Saturday, January 30, 2010

The Last of Dollhouse

From SpoilerTV, Copyright FOX

I can't do much of a formal review for Dollhouse's "Epitaph Two: The Return", since I never saw "Epitaph One". As such, I was mostly along for the ride and didn't spend much time trying to figure out what was going on. It would certainly help if I knew more of the backstory about Caroline being imprinted into the little girl!

Whedonesque has a good listing of reviews here, and I mostly agree with what all of the writers had to say. The series finale should have been stretched out over an entire season, but unfortunately, Whedon et al didn't have that luxury. In fact, I would say the last two episodes of Dollhouse had that "everything thrown in including the kitchen sink" quality that was actually quite effective. My only real criticism of "Epitaph Two" was I thought that the brownish tinged tintype lighting and the jerky "looks like an amateur shot this" camera work (sorry for my lack of knowledge about the correct terminology) came off as affectations. But other than that, I liked what I saw.

What was striking to me was how a lot of the threads were tied up by the end of the series in surprisingly upbeat ways. I was actually expecting a lot more tragedy. The world was saved; Topher died a hero; Adelle lost her moral ambiguity and was able to allow her mothering and nurturing instincts to come to the forefront; Alpha, who I always liked, finally was able to emerge as a good guy; and Victor and Sierra got back together. The only part that didn't quite ring true to me was what happened to Ballard and Echo. I could handle Ballard dying, but I wasn't convinced that the upload of Ballard's memories into Echo could really lessen the hurt she felt for not letting Ballard more completely into her life. However, if Echo was comforted by the "lie", all power to her.

I almost didn't watch "Epitaph Two" last night, because I thought, what's the point? I don't know that I'll ever purchase the DVD's simply because I don't have any compelling curiosity to learn more than what I already know. One of my main criticisms of the series was the fact that I couldn't really get absorbed into the characters. However, I totally agree with what A.V. Club reviewer Scott Tobias had to say:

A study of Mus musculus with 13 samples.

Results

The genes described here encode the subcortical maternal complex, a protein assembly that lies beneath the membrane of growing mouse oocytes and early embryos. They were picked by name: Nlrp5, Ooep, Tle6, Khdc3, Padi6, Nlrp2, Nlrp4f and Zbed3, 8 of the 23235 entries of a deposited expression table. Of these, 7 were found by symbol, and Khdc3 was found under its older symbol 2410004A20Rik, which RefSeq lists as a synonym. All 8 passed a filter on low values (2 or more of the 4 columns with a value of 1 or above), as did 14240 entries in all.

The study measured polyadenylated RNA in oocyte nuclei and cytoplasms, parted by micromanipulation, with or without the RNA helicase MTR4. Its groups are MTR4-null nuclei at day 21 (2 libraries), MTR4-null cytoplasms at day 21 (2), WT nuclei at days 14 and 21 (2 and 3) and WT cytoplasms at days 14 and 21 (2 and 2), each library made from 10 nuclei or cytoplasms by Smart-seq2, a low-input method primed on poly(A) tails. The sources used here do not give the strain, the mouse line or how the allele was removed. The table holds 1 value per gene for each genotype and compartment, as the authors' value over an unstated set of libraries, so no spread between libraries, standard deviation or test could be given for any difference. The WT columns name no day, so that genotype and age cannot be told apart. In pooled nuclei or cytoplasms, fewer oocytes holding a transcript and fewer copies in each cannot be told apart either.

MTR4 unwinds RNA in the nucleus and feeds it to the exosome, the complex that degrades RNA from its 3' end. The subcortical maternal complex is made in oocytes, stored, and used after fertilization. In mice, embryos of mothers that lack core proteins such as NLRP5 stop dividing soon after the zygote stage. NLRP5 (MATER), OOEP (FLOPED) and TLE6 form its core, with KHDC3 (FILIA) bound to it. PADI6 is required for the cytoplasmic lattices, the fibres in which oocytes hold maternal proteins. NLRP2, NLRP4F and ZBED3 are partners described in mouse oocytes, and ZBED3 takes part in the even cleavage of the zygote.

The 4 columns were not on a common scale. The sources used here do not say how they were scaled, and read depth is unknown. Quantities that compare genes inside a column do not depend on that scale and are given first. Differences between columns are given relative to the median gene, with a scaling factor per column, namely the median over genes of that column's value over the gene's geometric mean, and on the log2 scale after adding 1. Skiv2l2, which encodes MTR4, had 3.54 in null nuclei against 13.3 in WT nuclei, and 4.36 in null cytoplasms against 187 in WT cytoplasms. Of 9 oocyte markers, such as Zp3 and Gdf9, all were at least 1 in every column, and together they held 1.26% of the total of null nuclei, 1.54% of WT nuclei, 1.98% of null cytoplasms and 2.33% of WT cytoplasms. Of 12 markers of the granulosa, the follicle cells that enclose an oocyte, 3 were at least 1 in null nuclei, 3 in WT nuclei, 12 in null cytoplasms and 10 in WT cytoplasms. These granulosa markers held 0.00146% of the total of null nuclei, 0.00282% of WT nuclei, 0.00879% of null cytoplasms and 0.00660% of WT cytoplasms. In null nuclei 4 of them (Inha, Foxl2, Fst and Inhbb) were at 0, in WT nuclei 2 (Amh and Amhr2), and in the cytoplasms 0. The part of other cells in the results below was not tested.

It’s a frantic rush to the finish, no question, but “Epitaph Two” proved a thrilling, twist-filled hour with real emotional resonance. I’ve always found the idea of this show engaging on a pure, abstract sci-fi level, with its themes of identity, corporate control, and human exploitation. But I’m newly surprised by how much I’ve come to care for these characters and where they wind up in the end. And that’s a small miracle, given how the main complaint many have had with the show is how the ever-shifting identities of the characters made it impossible to glean who they really were. In the home stretch, I think we have a pretty strong grasp to care about their destinies. (I’ll confess that the Caroline/Ballard relationship didn’t quite resonate with me in the end, though I loved the romantic notion of her “letting him in.”) And at the end of the bleakest network TV series I can recalls, I’d say a little hard-won hope and happiness is well-earned.
I certainly am grateful that the producers and the FOX network let me say goodbye to the series by giving me something that looks an awful lot like a happy ending. The acting in "Epitaph Two" was also uniformly excellent. Dollhouse certainly had a good run, and, more importantly, gave its audience a lot of food for thought. I think the series will go down as being definitely worthy of holding one of the more prominent spots within the Whedonverse body of work.